Tea: Can you conceive of this?
The most widely consumed hot beverage in the world, tea can soothe your nerves, purge excess water from the body, and perhaps even fight certain cancers. New data suggest it may also facilitate getting pregnant.
The latter observation emerges from a just-published study of 187 would-be moms by nutritional epidemiologist Bette Caan and her coworkers at the Kaiser Permanente Medical Care Program of Northern California. In the February American Journal of Public Health, they report finding that during the first 3 months that women tried to conceive, those who drank more than half a cup of tea per day proved seven times as likely to succeed as were those who eschewed the brew.
Caan’s team had been interested in probing caffeine’s possible influence on fertility. At least six studies had suggested that a heavy coffee habit or penchant for drinking caffeinated beverages such as cola can lengthen the average time to conception. Three other studies, however, detected no such caffeine-associated delay. And even among the studies that had reported an apparent caffeine lag, some seemed to require an additional cofactor, such as smoking.
These studies all relied on a woman’s ability to recall dietary data from an earlier period. Since memories can prove unreliable, Caan’s team opted instead to survey current beverage habits and then follow the women for a year unless they became pregnant first.
No strong caffeine effect
Over the course of the study, 48 women dropped out for various reasons— usually because they changed their minds about wanting to become pregnant. Of the 139 who remained, 118 eventually conceived.
Ninety-two percent of the surveyed women drank caffeinated beverages. As a group, they averaged a weekly intake of 610 milligrams of caffeine—the equivalent of 6 cups of regular coffee. While the other studies, taken together, had hinted that consumption at or above this level lengthened the time a woman took to become pregnant, the new data do not indict caffeine.
When coffee and colas were analyzed separately, no significant association popped up. "The surprise," Caan says, "was that with the caffeinated tea, there was an increase in fertility—and that most of it was seen in the earliest months of trying." This suggests, she says, "that the effect may only show up in the most fertile of those women who drink tea."
So unexpected were the findings, she says, "that I would not have reported the findings" except that a similar effect had been seen in a Danish study investigating caffeine’s possible link to fertility. In that earlier study, women who drank five or more cups of tea a day appeared to triple their likelihood of becoming pregnant during the study period. "We were unable to test the effects of tea at that level," Caan’s group notes, "since very few of the women in our study had such high consumption levels."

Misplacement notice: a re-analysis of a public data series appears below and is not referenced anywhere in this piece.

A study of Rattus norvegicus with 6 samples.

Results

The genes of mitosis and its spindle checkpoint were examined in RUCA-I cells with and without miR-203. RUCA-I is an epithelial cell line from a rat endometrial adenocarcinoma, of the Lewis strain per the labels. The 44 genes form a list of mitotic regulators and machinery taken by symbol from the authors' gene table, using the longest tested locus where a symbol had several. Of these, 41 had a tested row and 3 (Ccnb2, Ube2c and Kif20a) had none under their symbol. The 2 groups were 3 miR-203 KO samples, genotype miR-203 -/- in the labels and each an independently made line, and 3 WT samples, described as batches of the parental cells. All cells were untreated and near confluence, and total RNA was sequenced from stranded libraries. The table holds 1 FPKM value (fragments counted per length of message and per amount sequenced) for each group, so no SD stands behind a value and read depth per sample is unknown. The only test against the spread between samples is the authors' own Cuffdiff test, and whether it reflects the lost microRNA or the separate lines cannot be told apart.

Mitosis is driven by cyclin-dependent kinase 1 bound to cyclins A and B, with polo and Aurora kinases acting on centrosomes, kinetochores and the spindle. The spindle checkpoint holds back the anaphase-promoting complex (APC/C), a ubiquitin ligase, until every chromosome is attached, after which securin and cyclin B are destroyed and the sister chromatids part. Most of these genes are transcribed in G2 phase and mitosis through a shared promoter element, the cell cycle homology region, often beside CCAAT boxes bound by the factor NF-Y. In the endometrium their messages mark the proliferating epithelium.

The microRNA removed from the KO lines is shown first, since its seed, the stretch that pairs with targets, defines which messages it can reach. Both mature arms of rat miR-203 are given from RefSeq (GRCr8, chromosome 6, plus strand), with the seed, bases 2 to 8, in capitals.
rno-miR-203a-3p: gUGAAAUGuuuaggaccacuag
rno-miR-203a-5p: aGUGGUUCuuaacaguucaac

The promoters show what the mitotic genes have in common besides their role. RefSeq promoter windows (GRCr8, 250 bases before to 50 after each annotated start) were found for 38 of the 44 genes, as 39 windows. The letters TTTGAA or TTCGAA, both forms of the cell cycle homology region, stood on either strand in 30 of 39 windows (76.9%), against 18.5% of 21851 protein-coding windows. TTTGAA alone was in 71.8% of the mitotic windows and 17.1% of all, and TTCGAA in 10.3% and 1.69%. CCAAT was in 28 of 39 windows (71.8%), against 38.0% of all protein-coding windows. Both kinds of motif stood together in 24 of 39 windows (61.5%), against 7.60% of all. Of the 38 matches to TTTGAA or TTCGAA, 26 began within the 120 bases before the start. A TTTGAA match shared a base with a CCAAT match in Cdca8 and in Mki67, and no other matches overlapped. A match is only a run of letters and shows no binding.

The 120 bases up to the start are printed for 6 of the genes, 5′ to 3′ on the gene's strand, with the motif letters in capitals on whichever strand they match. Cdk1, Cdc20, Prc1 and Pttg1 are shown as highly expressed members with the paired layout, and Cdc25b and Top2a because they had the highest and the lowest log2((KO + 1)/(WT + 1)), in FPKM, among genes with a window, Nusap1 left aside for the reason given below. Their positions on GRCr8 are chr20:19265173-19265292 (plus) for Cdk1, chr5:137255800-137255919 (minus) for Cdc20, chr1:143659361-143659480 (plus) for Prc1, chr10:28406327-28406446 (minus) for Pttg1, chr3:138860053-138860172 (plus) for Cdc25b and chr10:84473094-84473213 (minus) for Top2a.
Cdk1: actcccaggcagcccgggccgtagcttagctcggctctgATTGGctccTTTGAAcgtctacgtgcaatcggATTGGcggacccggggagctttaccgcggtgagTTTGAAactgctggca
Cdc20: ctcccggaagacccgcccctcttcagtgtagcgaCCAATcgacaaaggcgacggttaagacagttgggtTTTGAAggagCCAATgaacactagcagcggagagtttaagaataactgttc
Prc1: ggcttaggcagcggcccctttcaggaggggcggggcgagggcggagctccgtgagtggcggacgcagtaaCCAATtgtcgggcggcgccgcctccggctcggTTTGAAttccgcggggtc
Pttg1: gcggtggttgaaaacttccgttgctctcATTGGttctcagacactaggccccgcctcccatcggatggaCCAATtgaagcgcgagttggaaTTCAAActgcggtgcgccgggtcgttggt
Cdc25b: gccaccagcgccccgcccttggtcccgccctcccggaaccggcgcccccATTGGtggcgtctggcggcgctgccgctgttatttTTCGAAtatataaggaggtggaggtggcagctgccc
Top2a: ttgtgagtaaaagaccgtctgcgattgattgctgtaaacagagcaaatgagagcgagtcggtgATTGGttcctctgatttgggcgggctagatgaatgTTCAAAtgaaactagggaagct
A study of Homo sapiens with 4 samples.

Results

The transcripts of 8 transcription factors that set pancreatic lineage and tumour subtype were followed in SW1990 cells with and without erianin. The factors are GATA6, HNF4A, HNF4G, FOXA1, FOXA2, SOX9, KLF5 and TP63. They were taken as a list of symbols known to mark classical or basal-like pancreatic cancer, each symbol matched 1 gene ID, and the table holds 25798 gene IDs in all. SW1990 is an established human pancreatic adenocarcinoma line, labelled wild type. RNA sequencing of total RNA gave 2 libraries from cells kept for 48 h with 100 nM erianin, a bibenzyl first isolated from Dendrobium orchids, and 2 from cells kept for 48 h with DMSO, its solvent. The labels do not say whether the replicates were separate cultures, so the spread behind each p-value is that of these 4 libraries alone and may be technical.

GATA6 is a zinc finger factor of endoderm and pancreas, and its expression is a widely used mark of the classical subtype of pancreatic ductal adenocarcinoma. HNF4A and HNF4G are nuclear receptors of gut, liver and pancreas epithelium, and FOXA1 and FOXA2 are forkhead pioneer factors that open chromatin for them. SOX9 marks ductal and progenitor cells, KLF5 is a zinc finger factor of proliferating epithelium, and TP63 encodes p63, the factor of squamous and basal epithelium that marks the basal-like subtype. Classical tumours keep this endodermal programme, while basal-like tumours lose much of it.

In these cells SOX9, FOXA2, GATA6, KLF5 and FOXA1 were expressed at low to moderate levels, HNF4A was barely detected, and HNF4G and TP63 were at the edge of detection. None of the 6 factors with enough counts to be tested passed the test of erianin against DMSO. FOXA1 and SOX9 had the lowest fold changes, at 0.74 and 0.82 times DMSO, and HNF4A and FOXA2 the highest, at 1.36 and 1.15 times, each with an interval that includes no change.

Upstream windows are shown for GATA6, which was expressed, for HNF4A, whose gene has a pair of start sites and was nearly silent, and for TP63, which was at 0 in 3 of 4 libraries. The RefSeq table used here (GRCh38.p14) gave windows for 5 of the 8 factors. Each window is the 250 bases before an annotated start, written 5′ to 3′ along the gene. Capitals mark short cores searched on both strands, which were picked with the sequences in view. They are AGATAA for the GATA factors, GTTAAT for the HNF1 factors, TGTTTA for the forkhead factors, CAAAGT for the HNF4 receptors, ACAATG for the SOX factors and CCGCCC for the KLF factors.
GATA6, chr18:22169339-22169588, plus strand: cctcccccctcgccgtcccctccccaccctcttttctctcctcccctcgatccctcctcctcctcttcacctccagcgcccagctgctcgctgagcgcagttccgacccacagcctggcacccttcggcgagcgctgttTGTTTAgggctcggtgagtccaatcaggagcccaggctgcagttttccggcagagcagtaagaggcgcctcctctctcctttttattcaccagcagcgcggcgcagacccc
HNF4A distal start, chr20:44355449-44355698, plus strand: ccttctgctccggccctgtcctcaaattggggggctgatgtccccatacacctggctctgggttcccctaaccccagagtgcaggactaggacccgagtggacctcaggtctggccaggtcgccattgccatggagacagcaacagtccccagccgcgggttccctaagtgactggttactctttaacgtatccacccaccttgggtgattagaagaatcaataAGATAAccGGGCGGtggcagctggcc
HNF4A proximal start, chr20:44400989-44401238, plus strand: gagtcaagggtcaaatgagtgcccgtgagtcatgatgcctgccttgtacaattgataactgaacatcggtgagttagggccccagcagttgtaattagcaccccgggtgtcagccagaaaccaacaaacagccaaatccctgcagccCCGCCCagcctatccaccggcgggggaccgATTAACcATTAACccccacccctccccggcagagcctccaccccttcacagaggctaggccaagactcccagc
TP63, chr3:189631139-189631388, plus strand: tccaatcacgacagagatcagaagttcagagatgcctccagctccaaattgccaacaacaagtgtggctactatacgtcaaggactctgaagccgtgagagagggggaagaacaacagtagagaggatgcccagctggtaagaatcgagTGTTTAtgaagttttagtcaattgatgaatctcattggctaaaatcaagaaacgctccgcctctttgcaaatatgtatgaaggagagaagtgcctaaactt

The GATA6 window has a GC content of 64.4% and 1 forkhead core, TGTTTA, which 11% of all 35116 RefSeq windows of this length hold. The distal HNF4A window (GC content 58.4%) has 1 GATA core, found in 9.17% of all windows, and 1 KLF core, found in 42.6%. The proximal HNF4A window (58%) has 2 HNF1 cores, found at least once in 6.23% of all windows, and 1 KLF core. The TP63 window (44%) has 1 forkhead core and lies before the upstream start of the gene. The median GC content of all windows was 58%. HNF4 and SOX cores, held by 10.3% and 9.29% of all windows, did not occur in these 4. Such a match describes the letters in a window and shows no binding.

What’s different about tea or tea drinkers?
Some studies have observed that tea drinkers tend to be more likely than coffee drinkers to live a "healthy" lifestyle. However, in the new California study, tea drinkers proved no more likely to exercise, to take vitamin supplements, or to avoid stress than their java-downing counterparts. In fact, women who drank the most tea in the Kaiser Permanente study also ate the most calories and derived significantly more of their calories from fat.
Though tea contains some caffeine, it usually comes to far less than an equivalent-size cup of coffee. However, the shortened lag to conception associated with tea drinking was observed only in women who drank caffeinated tea—not decaf varieties, which in these women tended largely to be herbal brews. Any role of tea in enhancing fertility would appear to trace to something other than caffeine content, Caan’s group concludes.
And certainly, Caan observes, "there are things in tea other than caffeine that might promote fertility," such as the flavonoids and other polyphenolic compounds—usually plant pigments. Several studies have shown that such compounds possess the ability to inhibit chromosomal aberrations, she notes. "And a lot of spontaneous abortions are nonviable embryos with DNA abnormalities."
Moreover, she and her coworkers refer to one study that suggests hypoxanthine—a chemical in most teas—may be a principal component of a natural bodily fluid "that contributes to the maturation and, thus, the fertilizability of [human eggs]."
So green, English breakfast, or Darjeeling, the choice is up to you. Just remember that sipping any of these teas regularly may shorten the time you have to brush up on your lullabies.
Florack, E., G. Zielhuis, and R. Rolland. 1994. Cigarette smoking, alcohol consumption and caffeine intake and fecundability. Preventive Medicine 23:175.
Raloff, J. 1997. Coffee’s subtle developmental risks. Science News Online (Feb. 22).
Stanton, C.K., and R.H. Gray. 1995. Effects of caffeine consumption on delayed conception. American Journal of Epidemiology 142:1322.
1994. Caffeine linked to miscarriage. Science News 145(Jan. 22):61.
1994. . . . and to reduced fertility. Science News 145(Jan. 22):61.
Kaiser Permanente Medical Care Program of Northern California
Division of Research
Oakland, CA 94611
This week's Food for Thought has been prepared by Janet Raloff, senior editor of Science News.